Volume 2013 (2013), Article ID 316926, 8 pages
http://dx.doi.org/10.1155/2013/316926
Research Article

A Novel Lactococcal Vaccine Expressing a Peptide from the M2 Antigen of H5N2 Highly Pathogenic Avian Influenza A Virus Prolongs Survival of Vaccinated Chickens

1Department of Microbiology, Oregon State University, 226 Nash Hall, Corvallis, OR 97331-3804, USA
2Department of Biomedical Sciences, Oregon State University, 210 Dryden Hall, Corvallis, OR 97331-4801, USA
3Department of Immunology, St. Jude Children's Research Hospital, 262 Danny Thomas Place, MS 351, Memphis, TN 38105-2794, USA

Received 22 February 2013; Revised 26 April 2013; Accepted 3 May 2013

Academic Editor: Timm C. Harder

Copyright © 2013 Kaleb A. Reese et al. This is an open access article distributed under the Creative Commons Attribution License, which permits unrestricted use, distribution, and reproduction in any medium, provided the original work is properly cited.

Abstract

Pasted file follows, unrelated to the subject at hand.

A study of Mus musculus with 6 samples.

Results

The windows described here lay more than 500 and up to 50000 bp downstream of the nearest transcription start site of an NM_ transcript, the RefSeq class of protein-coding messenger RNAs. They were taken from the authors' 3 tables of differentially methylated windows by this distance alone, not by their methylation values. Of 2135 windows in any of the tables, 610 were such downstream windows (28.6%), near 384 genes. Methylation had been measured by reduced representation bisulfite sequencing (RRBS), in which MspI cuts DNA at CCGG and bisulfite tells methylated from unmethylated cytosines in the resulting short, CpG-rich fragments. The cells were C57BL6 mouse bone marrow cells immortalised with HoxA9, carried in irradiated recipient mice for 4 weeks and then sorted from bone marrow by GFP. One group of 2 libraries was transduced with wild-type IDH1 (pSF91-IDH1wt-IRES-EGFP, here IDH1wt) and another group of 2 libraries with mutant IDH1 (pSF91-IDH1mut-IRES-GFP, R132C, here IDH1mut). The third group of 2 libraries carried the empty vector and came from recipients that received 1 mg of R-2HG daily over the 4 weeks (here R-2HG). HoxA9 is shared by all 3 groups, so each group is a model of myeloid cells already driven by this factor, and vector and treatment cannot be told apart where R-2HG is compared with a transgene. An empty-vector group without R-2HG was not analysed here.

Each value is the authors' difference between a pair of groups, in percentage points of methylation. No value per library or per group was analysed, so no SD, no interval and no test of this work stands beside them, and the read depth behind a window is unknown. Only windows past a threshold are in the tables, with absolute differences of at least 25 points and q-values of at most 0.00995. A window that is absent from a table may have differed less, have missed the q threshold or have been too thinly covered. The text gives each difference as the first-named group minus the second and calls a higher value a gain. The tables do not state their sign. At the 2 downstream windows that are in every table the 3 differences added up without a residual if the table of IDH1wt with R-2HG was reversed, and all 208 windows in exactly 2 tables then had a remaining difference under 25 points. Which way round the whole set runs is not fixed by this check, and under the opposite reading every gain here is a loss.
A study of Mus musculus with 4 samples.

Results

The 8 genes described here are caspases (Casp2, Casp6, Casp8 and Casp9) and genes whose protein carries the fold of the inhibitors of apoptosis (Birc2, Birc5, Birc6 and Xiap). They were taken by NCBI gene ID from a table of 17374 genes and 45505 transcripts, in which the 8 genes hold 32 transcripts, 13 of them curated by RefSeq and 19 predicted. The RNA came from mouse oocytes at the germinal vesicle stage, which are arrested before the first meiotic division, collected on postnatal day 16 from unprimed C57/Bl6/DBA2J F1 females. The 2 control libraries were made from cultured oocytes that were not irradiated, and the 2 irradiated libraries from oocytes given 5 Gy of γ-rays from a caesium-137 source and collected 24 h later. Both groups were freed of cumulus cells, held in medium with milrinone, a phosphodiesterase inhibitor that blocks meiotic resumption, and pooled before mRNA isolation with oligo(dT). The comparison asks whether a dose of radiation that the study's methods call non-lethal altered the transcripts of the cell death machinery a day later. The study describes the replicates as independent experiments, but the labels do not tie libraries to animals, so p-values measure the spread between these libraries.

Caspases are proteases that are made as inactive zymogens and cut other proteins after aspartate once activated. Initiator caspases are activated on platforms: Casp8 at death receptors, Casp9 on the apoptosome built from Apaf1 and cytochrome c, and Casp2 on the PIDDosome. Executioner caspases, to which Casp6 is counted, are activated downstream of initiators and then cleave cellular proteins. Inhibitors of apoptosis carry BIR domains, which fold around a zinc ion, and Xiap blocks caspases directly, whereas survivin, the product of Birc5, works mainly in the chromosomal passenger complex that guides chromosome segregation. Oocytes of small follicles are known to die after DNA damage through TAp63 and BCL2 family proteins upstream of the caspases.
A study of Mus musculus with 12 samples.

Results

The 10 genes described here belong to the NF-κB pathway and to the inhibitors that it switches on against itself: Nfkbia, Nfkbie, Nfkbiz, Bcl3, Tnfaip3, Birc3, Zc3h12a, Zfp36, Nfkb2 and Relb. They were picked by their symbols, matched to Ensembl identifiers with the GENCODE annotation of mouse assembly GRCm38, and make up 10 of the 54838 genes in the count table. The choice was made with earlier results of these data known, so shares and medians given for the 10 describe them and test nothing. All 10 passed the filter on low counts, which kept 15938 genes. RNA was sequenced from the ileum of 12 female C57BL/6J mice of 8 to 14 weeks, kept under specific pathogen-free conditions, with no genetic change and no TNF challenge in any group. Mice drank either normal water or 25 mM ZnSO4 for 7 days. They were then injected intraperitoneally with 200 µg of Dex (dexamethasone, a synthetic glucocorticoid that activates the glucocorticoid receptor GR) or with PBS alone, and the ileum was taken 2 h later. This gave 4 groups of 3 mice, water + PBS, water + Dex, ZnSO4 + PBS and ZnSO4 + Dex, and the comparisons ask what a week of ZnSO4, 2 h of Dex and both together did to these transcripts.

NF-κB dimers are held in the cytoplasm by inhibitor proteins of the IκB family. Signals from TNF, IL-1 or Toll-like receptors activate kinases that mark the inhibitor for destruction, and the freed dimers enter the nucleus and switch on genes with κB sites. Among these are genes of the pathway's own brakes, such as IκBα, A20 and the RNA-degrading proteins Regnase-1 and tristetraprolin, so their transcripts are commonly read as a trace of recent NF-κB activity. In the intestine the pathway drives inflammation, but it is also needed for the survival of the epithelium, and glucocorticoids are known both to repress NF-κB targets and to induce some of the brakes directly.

A cost-effective and efficacious influenza vaccine for use in commercial poultry farms would help protect against avian influenza outbreaks. Current influenza vaccines for poultry are expensive and subtype specific, and therefore there is an urgent need to develop a universal avian influenza vaccine. We have constructed a live bacterial vaccine against avian influenza by expressing a conserved peptide from the ectodomain of M2 antigen (M2e) on the surface of Lactococcus lactis (LL). Chickens were vaccinated intranasally with the lactococcal vaccine (LL-M2e) or subcutaneously with keyhole-limpet-hemocyanin conjugated M2e (KLH-M2e). Vaccinated and nonvaccinated birds were challenged with high pathogenic avian influenza virus A subtype H5N2. Birds vaccinated with LL-M2e or KLH-M2e had median survival times of 5.5 and 6.0 days, respectively, which were significantly longer than non-vaccinated birds (3.5 days). Birds vaccinated subcutaneously with KLH-M2e had a lower mean viral burden than either of the other two groups. However, there was a significant correlation between the time of survival and M2e-specific serum IgG. The results of these trials show that birds in both vaccinated groups had significantly ( ) higher median survival times than non-vaccinated birds and that this protection could be due to M2e-specific serum IgG.